Musculoskeletal Injury Risk and Electroconvulsive Therapy

Puneet Narang, MD; Anum Khan, MD; and Steven Lippmann, MD

Published: June 6, 2019


Musculoskeletal injuries are rare following the introduction of modified electroconvulsive therapy (ECT). We present the case of a patient with a rotator cuff injury after receiving modified ECT. This vignette emphasizes the importance of ensuring muscle relaxation prior to administering ECT, especially in high-risk patients.

Case Report

A 76-year-old white man with a history of major depressive disorder was hospitalized for decline in function. He had been prescribed sertraline for years but self-tapered off this medication 6 months prior to admission due to sexual side effects. He was depressed and expressed anhedonia, insomnia, guilt, hopelessness, low energy, anorexia, and suicidal ideation. Psychomotor retardation and speech latency were evident. Thought processes were ruminative about catastrophic events. His family reported that he was "worse than ever."

This patient was considered an appropriate candidate for ECT based on age, severity of symptoms, and need for prompt remission. After the third ECT session, he complained of a sore shoulder. He had a past history of shoulder pain for which physical therapy was prescribed. A current shoulder x-ray depicted "mild-to-moderate degenerative change in glenohumeral joint with moderate subacromial narrowing with cystic changes in proximal humerus consistent with rotator cuff pathology." The patient had previous shoulder discomfort but may have experienced recent injurious arm movement during ECT. The initial succinylcholine dose given before ECT was 1 mg/kg but was subsequently increased to 1.25 mg/kg and then to 1.7 mg/kg to ensure complete muscle paralysis. After the fifth ECT session, he complained of more shoulder pain and experienced a limited range of motion. Magnetic resonance imaging evidenced an acute, full-thickness, retracted tear involving the supraspinatus and infraspinatus tendons. Edema and inflammation were present at both myotendinous regions. Mild tendinosis involved the subscapularis; the teres minor was normal. Muscle bulk was maintained without fatty infiltration. His depressive symptoms resolved despite not receiving a full course of ECT. Due to the severity of the shoulder pathology, ECT was discontinued, and the patient was discharged from the hospital in a good mood. A subsequent surgical rotator cuff repair was required, and the patient evidenced orthopedic and psychiatric recovery.


Since the 1930s, ECT has been an effective treatment for patients with severe psychiatric illnesses, especially when there is an urgent need for prompt treatment or when there is a poor response or intolerance to pharmacotherapy.1 Years ago, "unmodified" ECT included no muscle relaxation and resulted in musculoskeletal injuries in up to 40% of cases.1 Anesthesia and muscle relaxants were introduced during the 1950s and 1960s for modern "modified" ECT to provide more safety and tolerance for patients. Because of the short duration of an ECT procedure, succinylcholine is the drug of choice for the neuromuscular blockade. To block motor seizures, succinylcholine is administered before the application of an ECT stimulus, which should prevent musculoskeletal injury, even in persons with osteoporosis or spinal pathology.2 An 85-year-old woman underwent ECT safely after vertebroplasty once the succinylcholine dose was increased from 60 mg to 80 mg to assure complete muscle relaxation.3 Succinylcholine dosage should be increased by 40%-50% to induce complete muscle relaxation, especially for high-risk patients with osteoporosis. Also, increasing the time between the administration of succinylcholine and ECT stimulation is recommended.3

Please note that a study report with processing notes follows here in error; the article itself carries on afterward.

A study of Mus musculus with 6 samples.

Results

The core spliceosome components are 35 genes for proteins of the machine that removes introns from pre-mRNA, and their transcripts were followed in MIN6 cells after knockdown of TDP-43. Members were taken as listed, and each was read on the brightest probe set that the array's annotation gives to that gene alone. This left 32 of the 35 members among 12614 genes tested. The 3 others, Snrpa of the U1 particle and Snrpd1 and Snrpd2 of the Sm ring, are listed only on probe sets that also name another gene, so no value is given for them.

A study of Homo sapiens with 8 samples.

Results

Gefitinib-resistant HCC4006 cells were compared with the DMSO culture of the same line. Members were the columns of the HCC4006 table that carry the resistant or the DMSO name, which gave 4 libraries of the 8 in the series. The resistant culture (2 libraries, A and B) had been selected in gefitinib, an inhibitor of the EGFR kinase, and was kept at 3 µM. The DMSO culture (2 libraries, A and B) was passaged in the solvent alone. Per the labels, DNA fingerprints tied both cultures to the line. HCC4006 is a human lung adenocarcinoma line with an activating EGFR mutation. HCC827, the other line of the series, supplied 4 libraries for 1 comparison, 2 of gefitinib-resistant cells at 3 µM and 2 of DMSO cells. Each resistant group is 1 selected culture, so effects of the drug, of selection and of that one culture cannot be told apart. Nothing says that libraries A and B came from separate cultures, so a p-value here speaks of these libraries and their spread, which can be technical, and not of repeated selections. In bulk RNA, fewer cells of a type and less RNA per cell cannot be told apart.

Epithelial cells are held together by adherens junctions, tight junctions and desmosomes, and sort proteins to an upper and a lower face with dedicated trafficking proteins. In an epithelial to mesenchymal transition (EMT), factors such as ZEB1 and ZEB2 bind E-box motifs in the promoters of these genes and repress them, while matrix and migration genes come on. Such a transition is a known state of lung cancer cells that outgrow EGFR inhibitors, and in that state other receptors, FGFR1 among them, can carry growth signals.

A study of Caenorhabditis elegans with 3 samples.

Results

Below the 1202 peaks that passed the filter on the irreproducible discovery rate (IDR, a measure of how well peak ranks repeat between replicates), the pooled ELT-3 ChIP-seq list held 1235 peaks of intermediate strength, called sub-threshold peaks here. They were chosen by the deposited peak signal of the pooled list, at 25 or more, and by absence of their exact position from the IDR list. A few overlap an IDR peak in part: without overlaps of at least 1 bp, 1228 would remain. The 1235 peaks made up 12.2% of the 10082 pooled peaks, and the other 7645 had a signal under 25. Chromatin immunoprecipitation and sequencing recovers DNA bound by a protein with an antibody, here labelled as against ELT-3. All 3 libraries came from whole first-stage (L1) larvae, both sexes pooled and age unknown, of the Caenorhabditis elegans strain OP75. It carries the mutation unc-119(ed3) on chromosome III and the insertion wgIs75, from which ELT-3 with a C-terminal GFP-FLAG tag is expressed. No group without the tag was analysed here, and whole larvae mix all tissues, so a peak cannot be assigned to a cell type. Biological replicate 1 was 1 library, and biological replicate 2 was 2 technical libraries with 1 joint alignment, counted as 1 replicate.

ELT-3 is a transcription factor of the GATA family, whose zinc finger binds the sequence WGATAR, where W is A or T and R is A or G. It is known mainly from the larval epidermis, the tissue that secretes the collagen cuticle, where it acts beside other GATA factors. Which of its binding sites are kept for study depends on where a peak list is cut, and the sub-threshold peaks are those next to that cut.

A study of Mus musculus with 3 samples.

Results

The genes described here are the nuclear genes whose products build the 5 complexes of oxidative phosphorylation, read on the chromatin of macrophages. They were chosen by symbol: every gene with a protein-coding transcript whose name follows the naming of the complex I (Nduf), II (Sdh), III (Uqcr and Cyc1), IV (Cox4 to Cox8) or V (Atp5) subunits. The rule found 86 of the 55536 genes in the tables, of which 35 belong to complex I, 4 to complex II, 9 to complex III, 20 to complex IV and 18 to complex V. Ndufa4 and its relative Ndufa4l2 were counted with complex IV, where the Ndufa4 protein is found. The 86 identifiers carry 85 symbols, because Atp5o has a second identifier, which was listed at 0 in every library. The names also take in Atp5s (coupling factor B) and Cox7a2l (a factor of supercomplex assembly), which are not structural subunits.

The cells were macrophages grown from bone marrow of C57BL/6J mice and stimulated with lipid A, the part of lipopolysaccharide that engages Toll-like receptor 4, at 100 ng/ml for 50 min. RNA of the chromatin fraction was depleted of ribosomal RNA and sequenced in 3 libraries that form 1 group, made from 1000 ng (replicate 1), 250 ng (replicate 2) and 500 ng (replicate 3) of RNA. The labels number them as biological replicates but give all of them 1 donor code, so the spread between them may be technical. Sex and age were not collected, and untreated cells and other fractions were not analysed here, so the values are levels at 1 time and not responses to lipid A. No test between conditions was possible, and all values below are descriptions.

In our patient, ECT may have caused rotator cuff trauma. Was adequate muscle paralysis initially received? We do not know whether this musculoskeletal injury was a result of the ECT or the preexisting condition, which was then worsened by ECT. There is not much literature to provide insight into this phenomenon; however, it is important to always assess musculoskeletal risk factors and assure appropriate muscle relaxation prior to each ECT session.

Published online: June 6, 2019.

Potential conflicts of interest: None.

Funding/support: None.

Patient consent: Verbal consent was obtained from the patient, and information was de-identified to protect anonymity.


1. Kadiyala PK, Kadiyala LD. Anaesthesia for electroconvulsive therapy: an overview with an update on its role in potentiating electroconvulsive therapy. Indian J Anaesth. 2017;61(5):373-380. PubMed CrossRef

2. Zolezzi M. Medication management during electroconvulsant therapy. Neuropsychiatr Dis Treat. 2016;12:931-939. PubMed CrossRef

3. Briggs MC, Popeo DM, Pasculli RM, et al. Safe resumption of electroconvulsive therapy (ECT) after vertebroplasty. Int J Geriatr Psychiatry. 2012;27(9):984-985. PubMed CrossRef

aDepartment of Psychiatry, Health Partners, Saint Paul, Minnesota

bHennepin County Medical Center, Minneapolis, Minnesota

cDepartment of Psychiatry, University of Louisville School of Medicine, Louisville, Kentucky

*Corresponding author: Puneet Narang, MD, Health Partners, 640 Jackson St, Saint Paul, MN 55101 (

Prim Care Companion CNS Disord 2019;21(3):18l02384

To cite: Narang P, Khan A, Lippmann S. Musculoskeletal injury risk and electroconvulsive therapy. Prim Care Companion CNS Disord. 2019;21(3):18l02384.